Our recording and assessment of the paintings initially employed photogrammetry and augmentation of digital images using D-Stretch (Harman 2005), along with the enhancement tools available within Adobe Photoshop (Brady and Gunn 2012; Mudge et al. 2012; Mark and Billo 2006; Domingo et al. 2013). We then supplemented these media with the Artec white-light scan. The combination of these methods has allowed us to clearly define and study with precision the range of motifs across the entire panel. Some of these painted elements were almost invisible on site, and on non-enhanced images (Figure 2 and white-light scan).
Despite several phases of occupation, attested to by the excavated archaeological material from the Abri Faravel, there might be just a single phase of painting. Other Alpine rock art sites bear witness to several phases of engraving and/or painting, one example being the Roche des Poignards or Les Oullas in the Ubaye Valley (Alpes-de-Haute-Provence), some 50km to the south-east of Faravel (Arcà 2004c; Mocci and Walsh 2007; Defrasne 2014) where we have at least four phases of 'artistic' activity.
As mentioned in the introduction, the paintings at Faravel include animal figures and groups of parallel lines. We interpret the animal figures as a deer facing a dog. Both animals are very schematic. From a stylistic point of view, the radiating antlers of the deer are of interest since this will allow us to make comparisons with rock paintings known elsewhere. A straight line, which we propose is a projectile (an arrow or a spear), is painted in the back of the deer, evoking a hunting scene. At first sight, there is no human figure within this 'hunting scene'. However, we do wonder if the anchor-shaped image at the left of the deer (framed on Figure 12a) might be a very schematic anthropomorphic figure. Some parts of these paintings are clearly less well conserved, and therefore unequivocal identification is difficult. Nevertheless, the symmetry of this figure might be an argument for such an interpretation. Moreover, the width and the curved shape of the top of the right segment do not support the notion that this element represents a second projectile. Such anchor-shaped figures are known elsewhere, particularly at Bessans (Savoie) (Nelh 1976) or at the Eissartènes (Le Val, Var) (Hameau 2009).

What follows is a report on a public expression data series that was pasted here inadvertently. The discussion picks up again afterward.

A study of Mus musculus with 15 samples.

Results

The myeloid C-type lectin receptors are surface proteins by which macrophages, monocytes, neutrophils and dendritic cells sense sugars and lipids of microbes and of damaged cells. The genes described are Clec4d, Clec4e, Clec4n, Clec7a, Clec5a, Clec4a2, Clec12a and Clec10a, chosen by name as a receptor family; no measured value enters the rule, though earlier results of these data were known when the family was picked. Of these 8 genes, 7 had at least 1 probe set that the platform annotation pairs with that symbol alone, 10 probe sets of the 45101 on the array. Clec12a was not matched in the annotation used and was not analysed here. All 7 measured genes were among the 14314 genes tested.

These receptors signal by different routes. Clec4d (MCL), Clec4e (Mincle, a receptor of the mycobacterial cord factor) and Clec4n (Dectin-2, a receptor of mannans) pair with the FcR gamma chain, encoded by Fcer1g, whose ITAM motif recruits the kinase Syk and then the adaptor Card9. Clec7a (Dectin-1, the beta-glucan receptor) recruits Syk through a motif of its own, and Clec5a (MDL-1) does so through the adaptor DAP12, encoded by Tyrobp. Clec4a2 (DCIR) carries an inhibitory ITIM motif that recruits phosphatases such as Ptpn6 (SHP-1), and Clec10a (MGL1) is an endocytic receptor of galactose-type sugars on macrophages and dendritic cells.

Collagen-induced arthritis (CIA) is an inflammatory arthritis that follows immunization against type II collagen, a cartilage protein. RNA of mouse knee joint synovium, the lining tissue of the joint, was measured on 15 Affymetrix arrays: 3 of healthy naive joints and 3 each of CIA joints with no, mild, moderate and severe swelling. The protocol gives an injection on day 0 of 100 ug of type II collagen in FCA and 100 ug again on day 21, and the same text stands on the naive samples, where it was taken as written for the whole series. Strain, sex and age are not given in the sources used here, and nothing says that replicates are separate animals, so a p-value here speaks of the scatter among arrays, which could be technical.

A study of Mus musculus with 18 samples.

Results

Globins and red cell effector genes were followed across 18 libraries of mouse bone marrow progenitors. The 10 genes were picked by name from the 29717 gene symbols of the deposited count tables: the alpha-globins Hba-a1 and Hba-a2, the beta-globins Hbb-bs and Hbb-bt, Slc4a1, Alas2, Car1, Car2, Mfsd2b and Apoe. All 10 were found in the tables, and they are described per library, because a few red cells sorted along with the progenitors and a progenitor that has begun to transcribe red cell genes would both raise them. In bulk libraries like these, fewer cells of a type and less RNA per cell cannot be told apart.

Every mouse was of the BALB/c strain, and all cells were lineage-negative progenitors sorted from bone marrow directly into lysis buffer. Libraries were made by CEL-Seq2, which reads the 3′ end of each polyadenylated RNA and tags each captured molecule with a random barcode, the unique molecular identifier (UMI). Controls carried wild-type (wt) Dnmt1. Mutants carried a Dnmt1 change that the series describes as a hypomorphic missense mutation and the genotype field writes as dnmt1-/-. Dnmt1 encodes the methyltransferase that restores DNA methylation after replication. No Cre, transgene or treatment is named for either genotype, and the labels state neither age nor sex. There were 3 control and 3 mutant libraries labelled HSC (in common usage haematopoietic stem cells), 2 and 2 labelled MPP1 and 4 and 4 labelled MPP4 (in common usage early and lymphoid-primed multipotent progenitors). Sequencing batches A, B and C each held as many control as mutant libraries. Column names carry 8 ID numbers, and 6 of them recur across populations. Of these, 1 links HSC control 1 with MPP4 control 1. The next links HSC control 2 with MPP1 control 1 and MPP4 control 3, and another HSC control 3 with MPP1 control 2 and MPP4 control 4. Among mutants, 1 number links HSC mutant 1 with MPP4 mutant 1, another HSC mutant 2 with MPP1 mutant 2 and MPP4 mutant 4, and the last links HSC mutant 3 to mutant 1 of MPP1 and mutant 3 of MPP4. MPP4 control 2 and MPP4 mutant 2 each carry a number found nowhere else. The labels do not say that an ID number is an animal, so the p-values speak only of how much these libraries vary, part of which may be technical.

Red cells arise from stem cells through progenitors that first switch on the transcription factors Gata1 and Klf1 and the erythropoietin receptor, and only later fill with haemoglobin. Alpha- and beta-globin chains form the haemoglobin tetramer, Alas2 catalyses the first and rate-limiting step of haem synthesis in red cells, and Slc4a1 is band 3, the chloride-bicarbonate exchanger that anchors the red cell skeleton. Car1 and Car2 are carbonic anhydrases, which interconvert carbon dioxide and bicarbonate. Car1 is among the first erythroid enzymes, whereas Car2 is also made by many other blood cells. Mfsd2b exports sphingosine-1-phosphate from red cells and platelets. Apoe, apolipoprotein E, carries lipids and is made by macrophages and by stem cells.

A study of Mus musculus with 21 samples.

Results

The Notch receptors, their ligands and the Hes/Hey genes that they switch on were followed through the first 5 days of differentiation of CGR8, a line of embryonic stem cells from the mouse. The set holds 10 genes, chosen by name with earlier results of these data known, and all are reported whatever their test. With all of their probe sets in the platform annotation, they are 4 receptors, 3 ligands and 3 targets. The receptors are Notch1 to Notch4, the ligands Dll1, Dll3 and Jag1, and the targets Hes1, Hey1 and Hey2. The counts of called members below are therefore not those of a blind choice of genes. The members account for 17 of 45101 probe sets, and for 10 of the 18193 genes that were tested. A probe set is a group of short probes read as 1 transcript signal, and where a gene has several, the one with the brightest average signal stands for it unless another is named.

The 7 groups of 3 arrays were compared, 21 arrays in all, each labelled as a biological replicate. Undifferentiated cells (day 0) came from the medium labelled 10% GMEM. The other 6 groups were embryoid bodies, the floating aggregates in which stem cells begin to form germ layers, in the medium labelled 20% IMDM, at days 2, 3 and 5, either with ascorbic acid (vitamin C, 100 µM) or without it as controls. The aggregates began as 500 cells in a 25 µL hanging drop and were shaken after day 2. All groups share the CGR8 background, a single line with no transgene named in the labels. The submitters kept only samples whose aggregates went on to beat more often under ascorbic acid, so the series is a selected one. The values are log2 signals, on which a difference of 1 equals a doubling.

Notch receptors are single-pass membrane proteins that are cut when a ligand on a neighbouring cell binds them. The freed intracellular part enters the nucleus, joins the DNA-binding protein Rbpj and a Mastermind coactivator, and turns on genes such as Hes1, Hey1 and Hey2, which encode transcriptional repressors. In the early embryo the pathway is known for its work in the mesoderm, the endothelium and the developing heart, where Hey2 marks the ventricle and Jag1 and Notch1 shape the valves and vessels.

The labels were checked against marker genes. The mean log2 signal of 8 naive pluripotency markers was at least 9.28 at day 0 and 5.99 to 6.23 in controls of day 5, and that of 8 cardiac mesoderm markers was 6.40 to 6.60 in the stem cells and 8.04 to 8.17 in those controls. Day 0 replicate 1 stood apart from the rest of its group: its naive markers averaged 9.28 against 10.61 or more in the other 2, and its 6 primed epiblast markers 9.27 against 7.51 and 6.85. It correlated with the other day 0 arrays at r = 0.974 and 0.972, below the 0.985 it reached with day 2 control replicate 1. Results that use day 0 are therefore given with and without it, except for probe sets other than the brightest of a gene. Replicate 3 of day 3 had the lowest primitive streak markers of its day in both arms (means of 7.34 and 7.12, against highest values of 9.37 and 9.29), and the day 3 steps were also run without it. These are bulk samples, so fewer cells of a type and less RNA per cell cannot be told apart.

As well as the animal motifs at Faravel, the other, in fact more extensive, component of this set of paintings is the linear motifs (Figure 12 and Figure 13). These relatively broad parallel lines in two groups could have been painted with a thick brush. As many of the analogues for our motifs come from engravings (discussed later), we should remember that the act of painting is far quicker than engraving. Moreover, painted motifs will usually be less permanent. We should consider these variations in the investment of time by the 'artists', and possible associated notions of permanency and durability, in the interpretation of such images. As the scan from Faravel demonstrates, the greatest effort in this panel was the possible preparation of the surface. At the Eissartènes shelter (the Var, Provence, France), similar motifs, including a series of lines accompanied by animals (interpreted as deer), also appear to have been painted onto a prepared surface – in this instance, the preparation being the application of a 'priming' layer of diluted pigment (Hameau 2009, 208). At Faravel, the central ceiling surface was probably chosen as it is of lighter colour than the surrounding 'natural' rock surface, with the possibility that pecking enhanced this zone - the tint of this rock surface (a light grey-brown) would have rendered the paintings less visible (see the Artec scan for the most realistic representation of the colours).
Scanning Electron Microscopy undertaken by the Centre for Research and Restoration (Musées de France) revealed that the tan pigment at Faravel comprises red clay composed of iron oxide. In situ XRF spectrometry has been undertaken, and two micro-samples have been taken, and refined laboratory analyses are underway (by Emilie Chalmin EDYTEM, Université de Savoie-Mont Blanc). The pigment layer is very thin, rendering full characterisation difficult. Although such analyses are rare across the Alps, we do know that this type of pigment is common in rock paintings in south-east France. Here, different pigment compositions have been identified, including pure iron oxides (hematite), minerals rich in alumina (bauxite), or even cinnabar (mercury sulphide), which was used on stelae in Provence . Across the wider region, most pigments employed in prehistoric paintings comprise varying proportions of ochre/hematite. As the composition of pigments is not always dictated by what is available locally, some consider the possibility that pigment (composition) was a cultural choice, designed to articulate identity (Hameau 2009). Making choices at the different stages in the production of, and engagement with, the motifs is one theme considered next.